News Press Review

First Solar Powered Atlantic Crossing And 9 Other Stories Everyone is Talking About

The Solar Impulse 2 solar powered airplane landed savely in Spain this week. Photo: Japan Times
The Solar Impulse 2 solar powered airplane landed savely in Spain this week. Photo: Japan Times

Things are moving quickly as our planet makes the transition to a new, clean economy. You want to stay in the loop – but you’re busy, that’s why we keep an eye on the headlines for you!

Welcome to the 23 June 2016 edition of the Daily Planet’s weekly State Of The Planet. Don’t hesitate to send your tips and comments to @peter_koekoek or peter.koekoek@climate-kic.org.

1. Solar Impulse 2 made history this week, becoming the first solar powered airplane to cross the Atlantic Ocean.

Flying into the southern Spanish city of Seville as the sun rose behind him, CNN reports pilot Betrand Piccard was flanked by an honour guard from the Spanish formation flying team Patrulla Aguila.

The solar aircraft, which has the wingspan of a Boeing 747 but only weighs about as much as an SUV, took off from New York’s JFK airport Monday night after mission engineers identified a narrow weather window in which to undertake the nearly four-day flight.

2. The largest-ever coalition of cities is taking on climate change.

More than 7,100 cities around the world are set to fight climate change together following the merger of two key initiatives, the Daily Planet reports.

The Global Covenant of Mayors for Climate & Energy is the result of a merger between the EU’s Covenant of Mayors and the UN’s Compact of Mayors. The new initiative is now the largest-ever global coalition of cities committed to fighting climate change.

Mayor of Paris Anne Hildago tweeted that cities “have been crucial to the Paris Agreement,” and that the merger “will broaden our commitments.”

3. More than 5000 firefighters are battling wildfires in California this week.

Firefighters worked on Thursday to gain control over five major wildfires burning in drought-parched California, the Weather Network reports.

4. China is set to generate a quarter of electricity from wind power by 2030.

And the figure could rise to nearly a third with power sector reforms, the Guardian reports. Within 14 years, more new generating capacity – mostly clean energy – will come online in China than currently exists in the whole of the United States.

5. The global solar industry, meanwhile, is poised for massive expansion.

Less than 2 per cent of today’s global electricity is generated by solar power, but this is set to change. According to a new International Renewable Energy Agency (IRENA) report released this week, this figure could grow to 13 per cent by 2030.

6. Europe’s greenhouse gas emissions are now at almost 25 per cent below 1990 levels.

In 2014 that is, as the European Environment Agency’s (EEA) annual greenhouse gas reports cover emissions from 1990 to two years before the current year, the Daily Planet reports.

More use of renewable technologies – mainly wind and solar – for electricity generation and better energy efficiency were among the factors that contributed to lower emissions in 2014, according to the EEA. Other major factors included milder winters and the economic recession.

7. Public service messages about climate change have been stirring up some controversy.

Governments around the world are taking climate action, and are running publicity campaigns to inform – and convince – their citizens. Sometimes this causes some consternation, such as in Canada’s Alberta this week when climate sceptic opposition politicians complained about the province’s “$4.4 million summer ad blitz,” CTV reports. A few weeks ago, Canada’s Ontario had to face similar criticisms.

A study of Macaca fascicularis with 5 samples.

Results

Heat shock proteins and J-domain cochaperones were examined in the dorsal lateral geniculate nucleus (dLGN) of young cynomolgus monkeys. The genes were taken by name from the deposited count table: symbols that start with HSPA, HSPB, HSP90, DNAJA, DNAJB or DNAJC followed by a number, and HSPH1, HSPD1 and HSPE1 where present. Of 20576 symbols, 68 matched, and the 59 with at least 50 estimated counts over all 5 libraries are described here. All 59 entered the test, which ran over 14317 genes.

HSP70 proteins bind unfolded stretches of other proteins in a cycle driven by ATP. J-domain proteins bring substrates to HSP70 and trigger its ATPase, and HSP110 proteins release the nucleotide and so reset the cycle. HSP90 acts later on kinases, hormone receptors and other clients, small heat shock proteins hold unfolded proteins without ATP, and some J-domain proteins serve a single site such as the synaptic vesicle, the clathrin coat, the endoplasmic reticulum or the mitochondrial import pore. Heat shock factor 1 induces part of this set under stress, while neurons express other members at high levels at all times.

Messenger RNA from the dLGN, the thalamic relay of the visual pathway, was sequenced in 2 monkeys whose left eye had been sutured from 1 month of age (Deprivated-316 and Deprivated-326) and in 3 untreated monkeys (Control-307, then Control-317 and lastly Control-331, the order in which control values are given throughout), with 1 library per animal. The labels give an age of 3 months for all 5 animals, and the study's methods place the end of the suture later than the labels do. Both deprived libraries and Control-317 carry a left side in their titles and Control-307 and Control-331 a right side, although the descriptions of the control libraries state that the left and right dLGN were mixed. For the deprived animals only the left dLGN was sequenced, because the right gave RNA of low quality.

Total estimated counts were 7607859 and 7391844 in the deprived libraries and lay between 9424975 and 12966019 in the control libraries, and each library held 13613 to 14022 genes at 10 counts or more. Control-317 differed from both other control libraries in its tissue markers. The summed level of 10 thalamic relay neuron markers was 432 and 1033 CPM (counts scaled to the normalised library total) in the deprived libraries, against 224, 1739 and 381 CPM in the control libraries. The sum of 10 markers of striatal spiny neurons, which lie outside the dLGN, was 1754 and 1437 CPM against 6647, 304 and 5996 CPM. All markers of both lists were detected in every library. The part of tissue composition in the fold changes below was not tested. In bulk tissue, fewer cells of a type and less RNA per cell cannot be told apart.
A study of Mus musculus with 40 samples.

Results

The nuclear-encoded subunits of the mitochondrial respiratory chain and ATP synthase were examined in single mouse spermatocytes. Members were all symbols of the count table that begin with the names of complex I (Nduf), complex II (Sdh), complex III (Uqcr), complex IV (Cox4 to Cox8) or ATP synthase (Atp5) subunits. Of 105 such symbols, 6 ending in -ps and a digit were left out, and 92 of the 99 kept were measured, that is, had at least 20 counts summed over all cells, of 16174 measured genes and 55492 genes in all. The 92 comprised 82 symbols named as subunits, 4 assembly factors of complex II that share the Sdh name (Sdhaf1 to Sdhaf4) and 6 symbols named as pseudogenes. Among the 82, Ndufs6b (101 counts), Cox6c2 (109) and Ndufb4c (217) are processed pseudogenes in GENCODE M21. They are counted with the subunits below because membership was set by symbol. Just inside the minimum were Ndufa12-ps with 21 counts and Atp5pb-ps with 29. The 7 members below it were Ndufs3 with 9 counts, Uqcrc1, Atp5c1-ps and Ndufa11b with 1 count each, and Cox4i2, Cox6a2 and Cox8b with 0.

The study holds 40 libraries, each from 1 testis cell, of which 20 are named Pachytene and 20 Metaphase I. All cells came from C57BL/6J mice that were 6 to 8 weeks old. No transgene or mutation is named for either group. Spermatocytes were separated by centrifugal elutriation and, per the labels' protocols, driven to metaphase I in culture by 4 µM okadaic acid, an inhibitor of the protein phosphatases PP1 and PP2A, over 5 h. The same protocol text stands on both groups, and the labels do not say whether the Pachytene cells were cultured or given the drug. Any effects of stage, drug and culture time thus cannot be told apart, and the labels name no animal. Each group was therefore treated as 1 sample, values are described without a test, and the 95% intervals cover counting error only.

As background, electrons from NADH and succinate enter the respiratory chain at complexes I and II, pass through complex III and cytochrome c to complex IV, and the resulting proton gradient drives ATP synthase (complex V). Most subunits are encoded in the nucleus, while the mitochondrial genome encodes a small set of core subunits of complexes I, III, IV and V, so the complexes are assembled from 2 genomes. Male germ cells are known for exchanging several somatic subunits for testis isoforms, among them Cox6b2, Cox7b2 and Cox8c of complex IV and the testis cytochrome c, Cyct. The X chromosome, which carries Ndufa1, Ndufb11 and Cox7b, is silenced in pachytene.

Some public service messages about climate change focus on opportunities, others highlight the doom and gloom. The Daily Planet has taken to YouTube to find you nine of the TV and video advertisements in question!

8. You could win $8000 with your own climate change TV advertisement.

But now the Daily Planet reports how a new global climate action contest is asking you to produce your own one-minute video advertisement.

9. Adidas is creating sneakers out recycles plastic from ocean plastic.

The limited edition shoes are made from plastic collected in coastal areas in the Maldives, the Daily Planet reports.

10. Does your phone charge on coal or solar? There’s an app for that!

Knowledge is power, and yet you probably have no idea where exactly the electricity you use to charge your phone, power your fridge and do the dishes (if you’re lucky) comes from. The Daily Planet lists a few handy apps that tell you exactly how the electricity you use is being generated at this exact moment – and whether it is clean or not.

Looking for something to fix?

Some of these stories may just inspire your next business venture:

  • Climate change is fuelling a rise in shark attacks. The increase in attacks — 59 last year, up from 31 in 2011 — is because climate change is pushing sharks and other marine species northward Time reports.
  • Climate change poses an urgent threat to poor of coastal Bangladesh. Nearly 12 million people live in poverty in the coastal regions of Bangladesh. The climate already poses a challenge to the lives and livelihoods of these households, seen vividly in the damage caused by Cyclone Roanu a few weeks ago according to the World Bank.
  • Climate change has an impact on mortgages. Neglecting to properly address climate change and safeguard homes against it will lead to an uptick in mortgage defaults, Mortgage Brokernews reports.